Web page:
TO THE READER
 AS you open this book you will probably ask,
"What is a golden deed?"
Let me tell you. It is the doing of something
for somebody else doing it without thought of
self, without thought of reward, fearlessly,
heroically, and because it is a duty.
Such a deed is possible to you, to me, to
everybody. It is frequently performed without forethought
or definite intention. It is the spontaneous
manifestation of nobility, somewhere, of mind or
heart. It may consist merely in the doing of some
kind and helpful service at home or at school. It
may be an unexpected test of heroism a warning
of danger, a saving of somebody's life. It may
be an act of benevolence, or a series of such acts,
world-wide in application and results.
This little volume is only a book of samples.
Here are specimens of golden deeds of various
kinds and of different degrees of merit, ranging
 from the unpremeditated saving of a railroad train
to the great humanitarian movement which carries
blessings to all mankind. To attempt to tell of
every such deed, or of every one that is eminently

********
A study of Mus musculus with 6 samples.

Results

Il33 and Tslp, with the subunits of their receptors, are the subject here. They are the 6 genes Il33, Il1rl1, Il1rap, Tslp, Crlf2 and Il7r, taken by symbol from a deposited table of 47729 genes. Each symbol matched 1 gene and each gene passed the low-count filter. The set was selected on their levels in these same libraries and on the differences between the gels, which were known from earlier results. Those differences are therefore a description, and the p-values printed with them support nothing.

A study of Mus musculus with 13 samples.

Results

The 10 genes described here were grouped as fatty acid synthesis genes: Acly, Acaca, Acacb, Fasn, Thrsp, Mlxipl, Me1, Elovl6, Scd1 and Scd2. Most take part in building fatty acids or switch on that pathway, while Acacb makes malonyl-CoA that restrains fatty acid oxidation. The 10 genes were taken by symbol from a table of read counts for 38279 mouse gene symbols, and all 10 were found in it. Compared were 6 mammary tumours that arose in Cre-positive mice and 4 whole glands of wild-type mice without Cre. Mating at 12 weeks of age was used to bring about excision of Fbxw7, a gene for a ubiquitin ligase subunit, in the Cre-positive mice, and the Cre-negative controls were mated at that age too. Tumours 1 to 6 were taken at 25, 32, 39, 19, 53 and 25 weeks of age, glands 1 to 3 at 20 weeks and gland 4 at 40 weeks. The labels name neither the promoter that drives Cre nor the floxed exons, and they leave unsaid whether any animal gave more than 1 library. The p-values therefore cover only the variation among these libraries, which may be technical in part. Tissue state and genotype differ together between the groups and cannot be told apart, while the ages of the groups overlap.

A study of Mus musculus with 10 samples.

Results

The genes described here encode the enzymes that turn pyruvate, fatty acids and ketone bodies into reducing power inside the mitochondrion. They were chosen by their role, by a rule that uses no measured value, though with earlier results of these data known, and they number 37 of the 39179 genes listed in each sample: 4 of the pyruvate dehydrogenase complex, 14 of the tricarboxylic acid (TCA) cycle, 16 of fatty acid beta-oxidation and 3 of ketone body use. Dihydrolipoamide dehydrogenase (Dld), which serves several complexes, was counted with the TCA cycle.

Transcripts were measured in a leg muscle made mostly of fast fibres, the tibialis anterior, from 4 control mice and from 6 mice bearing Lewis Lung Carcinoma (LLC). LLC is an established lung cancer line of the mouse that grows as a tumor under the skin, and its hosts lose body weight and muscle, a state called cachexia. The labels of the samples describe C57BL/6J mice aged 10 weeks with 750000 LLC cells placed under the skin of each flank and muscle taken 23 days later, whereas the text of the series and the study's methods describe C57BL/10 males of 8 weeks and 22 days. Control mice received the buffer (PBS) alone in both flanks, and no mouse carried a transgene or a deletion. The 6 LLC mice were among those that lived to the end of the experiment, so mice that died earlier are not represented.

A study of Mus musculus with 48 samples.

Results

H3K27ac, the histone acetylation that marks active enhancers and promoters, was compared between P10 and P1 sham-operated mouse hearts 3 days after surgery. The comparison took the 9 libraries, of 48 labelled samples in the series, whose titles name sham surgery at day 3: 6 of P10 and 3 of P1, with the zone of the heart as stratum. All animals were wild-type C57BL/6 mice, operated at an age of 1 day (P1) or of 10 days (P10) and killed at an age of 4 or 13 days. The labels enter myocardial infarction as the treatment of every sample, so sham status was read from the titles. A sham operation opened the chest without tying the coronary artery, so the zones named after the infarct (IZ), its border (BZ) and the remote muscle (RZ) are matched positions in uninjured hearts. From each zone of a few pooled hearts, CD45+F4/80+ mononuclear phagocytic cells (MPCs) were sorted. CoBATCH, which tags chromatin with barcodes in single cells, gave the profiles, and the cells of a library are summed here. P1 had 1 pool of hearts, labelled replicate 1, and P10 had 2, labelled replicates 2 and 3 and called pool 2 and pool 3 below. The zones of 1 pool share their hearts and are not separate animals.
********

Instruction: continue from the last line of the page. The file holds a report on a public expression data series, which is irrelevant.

worthy, would fill a multitude of books. The,
examples which I have chosen are such only as have
occurred on American soil, or have been performed
by Americans, thus distinguishing the volume from
Miss Charlotte Yonge's "Book of Golden Deeds,"
published for English readers fifty years ago.
While some of these narratives may have the
appearance of romance, yet they are all believed
to be true, and in most cases the real name of the
hero, or of the lover of humanity, is given.
Instances of doing and daring have always a
fascination for young people, and when to these
is added the idea of a noble underlying motive
the lessons taught by them cannot fail to be beneficial.